Friends can challenge us, confuse us, and sometimes, we might wonder why we bother. But friendship is as important to our well-being as eating right and exercising. What’s more, friendships help us grow through each year of our lives.
The friends we meet in school teach us how to be patient, wait our turn, reach out, and try new hobbies. When we move into young adulthood we learn more about taking responsibility, finding a career path, and seeking out people as mentors.
As we continue into our 40s and beyond, we learn to weather the ups and downs in life, and once again friends provide a sounding board and place for us to grow. Friendship is key to our success with all our relationships and it can create a sense of purpose in our lives.
The people we bring into our lives as friends will show us how to forgive, laugh, and make conversation. The basic components of any relationship, from our marriage to our coworkers, are all founded in friendship. We learn how to interact with people because of our friends, even the ones that are opposite from us or share a different worldview.
We don’t just talk with others but learn from them. These people help push us out of our comfort zones while still providing a safe emotional space for us to be totally ourselves.
One of the most overlooked benefits of friendship is that it helps keep our minds and bodies strong. In fact, it’s as important to our physical health as eating well and keeping fit. A recent Harvard study concluded that having solid friendships in our life even helps promote brain health.
Friends helps us deal with stress, make better lifestyle choices that keep us strong, and allow us to rebound from health issues and disease more quickly.
Friendship is equally important to our mental health. One study even suggested spending time with positive friends actually changes our outlook for the better. That means we’re happier when we choose to spend time with happy people. (All the more reason to leave that toxic friendship behind.)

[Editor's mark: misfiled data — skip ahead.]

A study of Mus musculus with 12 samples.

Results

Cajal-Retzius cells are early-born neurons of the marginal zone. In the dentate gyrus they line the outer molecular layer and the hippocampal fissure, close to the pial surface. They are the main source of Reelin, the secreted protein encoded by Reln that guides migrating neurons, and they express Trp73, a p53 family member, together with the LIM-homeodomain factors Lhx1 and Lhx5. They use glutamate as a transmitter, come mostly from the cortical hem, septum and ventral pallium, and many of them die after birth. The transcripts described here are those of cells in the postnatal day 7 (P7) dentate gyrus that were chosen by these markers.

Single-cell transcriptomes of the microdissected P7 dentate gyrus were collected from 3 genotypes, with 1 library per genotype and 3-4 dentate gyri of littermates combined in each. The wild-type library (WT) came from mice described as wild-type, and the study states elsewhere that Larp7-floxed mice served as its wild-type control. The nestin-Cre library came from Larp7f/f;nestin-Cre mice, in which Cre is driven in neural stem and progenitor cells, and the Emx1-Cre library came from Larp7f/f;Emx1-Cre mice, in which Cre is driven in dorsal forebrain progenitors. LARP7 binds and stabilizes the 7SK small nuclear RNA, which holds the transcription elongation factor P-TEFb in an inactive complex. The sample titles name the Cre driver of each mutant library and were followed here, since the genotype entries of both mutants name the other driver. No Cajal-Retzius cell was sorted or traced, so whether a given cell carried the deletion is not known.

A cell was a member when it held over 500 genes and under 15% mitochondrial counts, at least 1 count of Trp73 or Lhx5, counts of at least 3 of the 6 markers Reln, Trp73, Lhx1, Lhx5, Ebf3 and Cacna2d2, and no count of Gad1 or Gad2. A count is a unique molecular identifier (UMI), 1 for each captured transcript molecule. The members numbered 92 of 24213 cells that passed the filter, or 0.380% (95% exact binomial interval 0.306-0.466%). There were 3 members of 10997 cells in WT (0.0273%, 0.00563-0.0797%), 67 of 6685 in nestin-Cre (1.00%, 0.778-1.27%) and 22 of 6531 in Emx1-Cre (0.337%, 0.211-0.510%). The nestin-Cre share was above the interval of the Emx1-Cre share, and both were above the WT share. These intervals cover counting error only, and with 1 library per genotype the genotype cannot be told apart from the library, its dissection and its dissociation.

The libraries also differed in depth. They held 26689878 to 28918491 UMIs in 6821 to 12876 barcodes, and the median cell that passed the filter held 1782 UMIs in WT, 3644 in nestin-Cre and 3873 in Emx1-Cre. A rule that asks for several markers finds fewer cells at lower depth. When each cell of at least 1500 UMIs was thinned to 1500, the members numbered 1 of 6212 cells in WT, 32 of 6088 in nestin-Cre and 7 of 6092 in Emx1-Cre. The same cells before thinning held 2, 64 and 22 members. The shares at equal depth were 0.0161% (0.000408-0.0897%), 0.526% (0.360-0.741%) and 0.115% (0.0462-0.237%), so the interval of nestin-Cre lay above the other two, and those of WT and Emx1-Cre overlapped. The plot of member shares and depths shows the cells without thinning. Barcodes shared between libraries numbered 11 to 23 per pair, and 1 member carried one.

Friends don’t completely cure loneliness (that’s a common myth) but they do help us during lonely times. We learn how to accept kindness and also to reach out when we need help. Those painful times when we might be without friends also help us to appreciate the friendships that come in and out of our lives.
Having a steady stream of friends lets us know that some friendships won’t last forever but each one brings something special. We learn more about ourselves and how important it is to have someone, just one person, who knows and understands you. This is the key to coming out of loneliness.
Friends can change our value system so we learn to inject more meaning into our lives.
In spending time with friends, we fill up our lives with great conversation, heartfelt caring and support, and laugh out loud fun. When we fall on hard times, friends are there to put things in perspective and help us. When we have success, they’re smiling at our good fortune. With down-to-earth, positive people in our life we will be more mindful of gratitude and doing nice things for others. We don’t just live when we have healthy friendships, we thrive.